I’ve heard great things about Julie Klassen’s books, so when the opportunity came to read her latest release, I looked forward to giving it a try. The Bridge to Belle Island is a historical mystery set in 1819 England. It reminded me a lot of the cozy mysteries I love to read, but with a more contained romance, so I enjoyed it even more and will definitely be reading other Klassen books.
Benjamin Booker is a lawyer who gets the wool pulled over his eyes by a pretty woman and in so doing, he loses a huge case in court. Embarrassed, but given a second chance by his boss and mentor, he agrees to search for answers to the murder of one of their firm’s partners. Benjamin suspects the man has been poisoned though on first glance it looks like he’s been struck on the head.
Benjamin’s boss knows his partner had an argument with a client, so he sends Benjamin to Belle Island to investigate. Benjamin must steel himself against being taken in by another pretty woman since Isabelle Wilder definitely fits that description.
Isabelle loves her island along the Thames. After losing several loved ones, it’s the only place she feels safe. When her home is threatened, she takes a stand against the man who wants to take it away. All that does is land her as the prime suspect in a murder investigation. Can she convince everyone that she is indeed innocent even though everything points to her guilt?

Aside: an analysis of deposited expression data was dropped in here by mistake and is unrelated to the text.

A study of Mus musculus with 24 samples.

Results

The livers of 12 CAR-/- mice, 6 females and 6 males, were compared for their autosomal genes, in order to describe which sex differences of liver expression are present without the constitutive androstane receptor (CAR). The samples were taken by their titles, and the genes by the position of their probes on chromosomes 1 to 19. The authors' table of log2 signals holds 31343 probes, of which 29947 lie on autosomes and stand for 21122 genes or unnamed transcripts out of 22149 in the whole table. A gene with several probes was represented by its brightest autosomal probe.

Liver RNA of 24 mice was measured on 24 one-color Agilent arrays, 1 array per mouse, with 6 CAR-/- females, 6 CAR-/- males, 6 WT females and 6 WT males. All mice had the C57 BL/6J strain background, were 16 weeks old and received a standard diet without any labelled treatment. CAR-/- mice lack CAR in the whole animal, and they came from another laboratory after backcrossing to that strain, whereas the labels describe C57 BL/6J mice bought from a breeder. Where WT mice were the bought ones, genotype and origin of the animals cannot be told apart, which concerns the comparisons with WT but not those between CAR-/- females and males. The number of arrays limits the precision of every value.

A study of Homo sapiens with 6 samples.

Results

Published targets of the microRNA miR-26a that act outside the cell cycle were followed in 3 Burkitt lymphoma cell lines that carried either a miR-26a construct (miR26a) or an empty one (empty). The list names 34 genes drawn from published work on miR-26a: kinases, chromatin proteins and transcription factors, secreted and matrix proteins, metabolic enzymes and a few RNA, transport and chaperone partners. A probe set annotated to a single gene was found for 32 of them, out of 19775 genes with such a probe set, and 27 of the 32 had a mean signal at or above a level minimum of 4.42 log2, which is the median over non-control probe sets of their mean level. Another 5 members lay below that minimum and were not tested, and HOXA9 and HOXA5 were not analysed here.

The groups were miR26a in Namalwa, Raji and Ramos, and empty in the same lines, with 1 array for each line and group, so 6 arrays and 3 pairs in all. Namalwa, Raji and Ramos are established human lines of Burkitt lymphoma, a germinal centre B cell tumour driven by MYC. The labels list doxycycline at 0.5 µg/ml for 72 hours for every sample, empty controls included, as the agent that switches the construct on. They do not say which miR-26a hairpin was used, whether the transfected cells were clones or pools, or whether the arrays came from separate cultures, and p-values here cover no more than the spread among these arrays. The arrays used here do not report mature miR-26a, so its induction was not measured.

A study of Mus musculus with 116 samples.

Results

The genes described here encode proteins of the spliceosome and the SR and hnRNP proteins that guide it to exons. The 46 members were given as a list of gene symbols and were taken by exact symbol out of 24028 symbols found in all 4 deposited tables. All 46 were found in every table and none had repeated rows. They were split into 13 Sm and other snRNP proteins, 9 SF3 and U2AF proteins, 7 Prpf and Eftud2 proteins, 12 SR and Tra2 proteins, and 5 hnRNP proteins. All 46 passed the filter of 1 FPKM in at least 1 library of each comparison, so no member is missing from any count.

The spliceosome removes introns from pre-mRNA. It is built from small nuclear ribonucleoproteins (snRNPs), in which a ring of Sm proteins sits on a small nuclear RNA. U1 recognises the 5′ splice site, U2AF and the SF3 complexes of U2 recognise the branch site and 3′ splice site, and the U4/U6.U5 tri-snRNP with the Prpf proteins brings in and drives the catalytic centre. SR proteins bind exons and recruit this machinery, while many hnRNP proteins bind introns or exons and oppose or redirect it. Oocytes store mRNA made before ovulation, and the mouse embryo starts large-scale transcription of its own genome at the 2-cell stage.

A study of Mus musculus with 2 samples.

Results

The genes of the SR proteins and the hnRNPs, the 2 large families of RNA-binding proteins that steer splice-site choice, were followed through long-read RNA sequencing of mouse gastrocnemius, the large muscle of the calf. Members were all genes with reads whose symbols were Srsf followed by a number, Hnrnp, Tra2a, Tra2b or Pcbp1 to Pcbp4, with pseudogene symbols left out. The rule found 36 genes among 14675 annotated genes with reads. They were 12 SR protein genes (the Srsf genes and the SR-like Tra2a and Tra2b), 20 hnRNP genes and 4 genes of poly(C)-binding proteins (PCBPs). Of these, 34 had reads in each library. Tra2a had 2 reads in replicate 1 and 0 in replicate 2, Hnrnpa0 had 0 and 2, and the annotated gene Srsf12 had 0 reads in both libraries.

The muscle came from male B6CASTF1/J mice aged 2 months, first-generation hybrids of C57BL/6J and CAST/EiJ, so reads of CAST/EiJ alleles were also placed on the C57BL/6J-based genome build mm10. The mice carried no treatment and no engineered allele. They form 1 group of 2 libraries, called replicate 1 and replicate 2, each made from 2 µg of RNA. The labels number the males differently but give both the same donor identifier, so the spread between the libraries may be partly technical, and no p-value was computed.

The list of characters who seem guilty is long and the twists and turns of Benjamin’s investigation keep readers guessing at who-done-it. I also liked that the romance thread of the story wrapped up within the telling of this story, unlike many cozy mysteries that weave that thread over several books. The ending felt a tad drawn out, but the characters were such that I didn’t want to leave them behind once the story ended.
I’m glad I chose to read The Bridge to Belle Island and look forward to checking out other books written by Julie Klassen. I hope you’ll enjoy this one, too.
I received this book free from NetGalley in order to provide an honest review. I was not required to write a positive review. The opinions I have expressed are my own. I am disclosing this in accordance with the Federal Trade Commission’s 16 CFR, Part 255: “Guides Concerning the Use of Endorsements and Testimonials in Advertising.”